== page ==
Tuesday, August 18, 2015

Writing Tuesdays: Explaining Dialogue to My Uncle

HB:  Writing Tuesdays?
FB:  Yes.  Is that a problem?
HB:  Well, I was just thinking, you know, how much we like alliteration...
FB:  And you want it to be Writing Wednesdays.
HB:  Uh huh!
FB:  That means back-to-back posts on Wednesdays and Thursdays.
HB:  So?
FB:  We're lazy.
HB:  Aw!

My uncle has come to writing in his sixties after living a life of thrill-seeking adventure.  He is a camper, hiker, fisherman, hunter, explorer, former Marine, former Army Reservist, former police officer, former insurance adjuster, and contributor of at least two of the many boots on the ground featured in such military exploits as Operation Iraqi Freedom.

His first book just so happens to be about the last thing in the very long list above.  It is called In Spite of It All and it details the often-times Sisyphian ordeal of the 143rd Military Police Company of the Connecticut National Guard as they attempted to both survive and do their job in Baghdad from 2003-2004.  The publication of the book has been delayed due to legal issues (one of the perils of telling a true story), but you can keep tabs on the process over here, if you're so inclined.

While waiting for the red tape around his first book to be snipped away, my uncle has started writing his second book.  Book number two is a work of fiction, which features a young police officer squaring off against a criminal who is gaming the legal system so that he can avoid capture.

One of the issues he's running into is how to write dialogue.  His first book, being a work of non-fiction, didn't have any.  His second book, being fiction, has characters talking to one another about things like breaking cases and sweating perps, in the vein of all good detective stories.  Now that his characters are talking to one another, my uncle has begun wrestling with dialogue.

The issue, as my uncle discovered, is that dialogue is tricky to write well.  Being unsure of how to tackle the dialogue in his work, he decided to send an email off to his shiftless layabout of a nephew, whose one redeeming quality is that he puts words on paper occasionally.  I am that nephew (spoilers), and his question to me sounded almost exactly like this:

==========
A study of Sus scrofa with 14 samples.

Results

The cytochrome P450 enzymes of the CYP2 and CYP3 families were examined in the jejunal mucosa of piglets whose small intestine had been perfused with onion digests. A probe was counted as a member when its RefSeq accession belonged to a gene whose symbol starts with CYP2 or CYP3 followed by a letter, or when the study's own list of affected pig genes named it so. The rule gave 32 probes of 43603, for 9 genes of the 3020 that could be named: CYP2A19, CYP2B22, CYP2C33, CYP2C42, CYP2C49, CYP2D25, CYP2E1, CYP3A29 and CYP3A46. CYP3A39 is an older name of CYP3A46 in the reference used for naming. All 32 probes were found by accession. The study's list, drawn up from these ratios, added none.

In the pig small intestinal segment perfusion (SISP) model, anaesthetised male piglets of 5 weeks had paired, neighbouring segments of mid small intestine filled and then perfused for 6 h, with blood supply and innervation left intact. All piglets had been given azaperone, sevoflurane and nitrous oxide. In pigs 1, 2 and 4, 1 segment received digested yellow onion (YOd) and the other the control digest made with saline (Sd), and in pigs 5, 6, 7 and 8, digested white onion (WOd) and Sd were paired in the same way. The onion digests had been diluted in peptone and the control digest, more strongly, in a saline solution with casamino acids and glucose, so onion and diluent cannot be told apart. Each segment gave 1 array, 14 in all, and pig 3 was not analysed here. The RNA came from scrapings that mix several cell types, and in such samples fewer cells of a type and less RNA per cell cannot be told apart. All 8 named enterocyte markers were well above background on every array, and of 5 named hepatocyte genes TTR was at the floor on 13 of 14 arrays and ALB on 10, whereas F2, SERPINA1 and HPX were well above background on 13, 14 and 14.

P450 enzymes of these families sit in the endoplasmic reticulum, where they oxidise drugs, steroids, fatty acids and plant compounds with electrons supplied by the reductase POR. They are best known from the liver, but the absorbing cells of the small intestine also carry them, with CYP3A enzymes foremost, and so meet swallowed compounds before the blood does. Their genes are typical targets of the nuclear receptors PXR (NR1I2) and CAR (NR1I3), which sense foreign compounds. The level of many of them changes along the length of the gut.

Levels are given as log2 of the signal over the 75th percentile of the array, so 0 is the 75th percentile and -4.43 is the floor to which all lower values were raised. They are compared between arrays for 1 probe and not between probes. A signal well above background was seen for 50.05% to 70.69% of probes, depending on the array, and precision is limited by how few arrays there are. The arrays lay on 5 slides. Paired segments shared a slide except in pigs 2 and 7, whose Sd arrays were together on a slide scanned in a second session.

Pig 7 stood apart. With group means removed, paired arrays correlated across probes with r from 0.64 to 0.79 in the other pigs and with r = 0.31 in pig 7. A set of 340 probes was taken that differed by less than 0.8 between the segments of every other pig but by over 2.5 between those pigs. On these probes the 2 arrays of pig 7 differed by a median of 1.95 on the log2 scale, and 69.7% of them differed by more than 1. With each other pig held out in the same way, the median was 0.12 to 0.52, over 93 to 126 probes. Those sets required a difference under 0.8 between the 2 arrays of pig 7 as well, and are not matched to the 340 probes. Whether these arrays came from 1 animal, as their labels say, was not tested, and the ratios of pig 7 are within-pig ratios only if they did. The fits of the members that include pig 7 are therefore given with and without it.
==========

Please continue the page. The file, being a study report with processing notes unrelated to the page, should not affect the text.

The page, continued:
"When I am writing a conversation between two people, do I need to identify the speaker in each paragraph?  (Dan said, then Bill replied, then Dan remarked, etc.)"

I tried to answer his question as simply as possible and, since the answer also could potentially do double-duty as a blog post, that meant that I could just cut and paste into Blogger and not have to do nearly as much writing this week.  Ha ha!

This is what I told him:

Not always.
First of all, you should use "said" as often as you can.  "Said" is an invisible word.  There's almost no way you can use it too often. Stuff like "remarked" "replied" "countered" and so on are extremely noticeable to the reader, and should be used sparingly.
If there's just two people speaking, you can go for stretches where you don't have to use dialogue tags (that's the "Bill said" stuff).  So you can just have alternating dialogue.
However, if you do that, you should probably break it up with the occasional dialogue tag, so that the reader doesn't get confused as to who is speaking.  You may also want to break it up by giving a description of what the people are doing, or of other things going on in the environment, so that you don't get the "two disembodied voices talking in a white room" phenomenon.

And, because I'm a writer and I show and don't tell (because they drum that into your head with the Showing Stick the first week of writing boot camp), I decided to round things off with the following utterly ridiculous example:

"Hey, Dan," said Bill.  "What's with all the quacking?"
"Trying to get all my ducks in a row," said Dan.  "They're pretty feisty, so it's taking a while."
"I'd imagine."
"Yeah. I keep trying to coax them into standing still, but they get bored and start wandering around before they're all in a row."
"That's a problem."
Dan scratched his head as one of the headstrong waterfowl took an ungainly dive off the table.  "I'm not sure what to do."
"I hate to suggest this," said Bill, rubbing his chin.  "But have you tried tape?"
"Duck tape?"
"That's the worst pun I've ever heard, Bill.  You're fired!"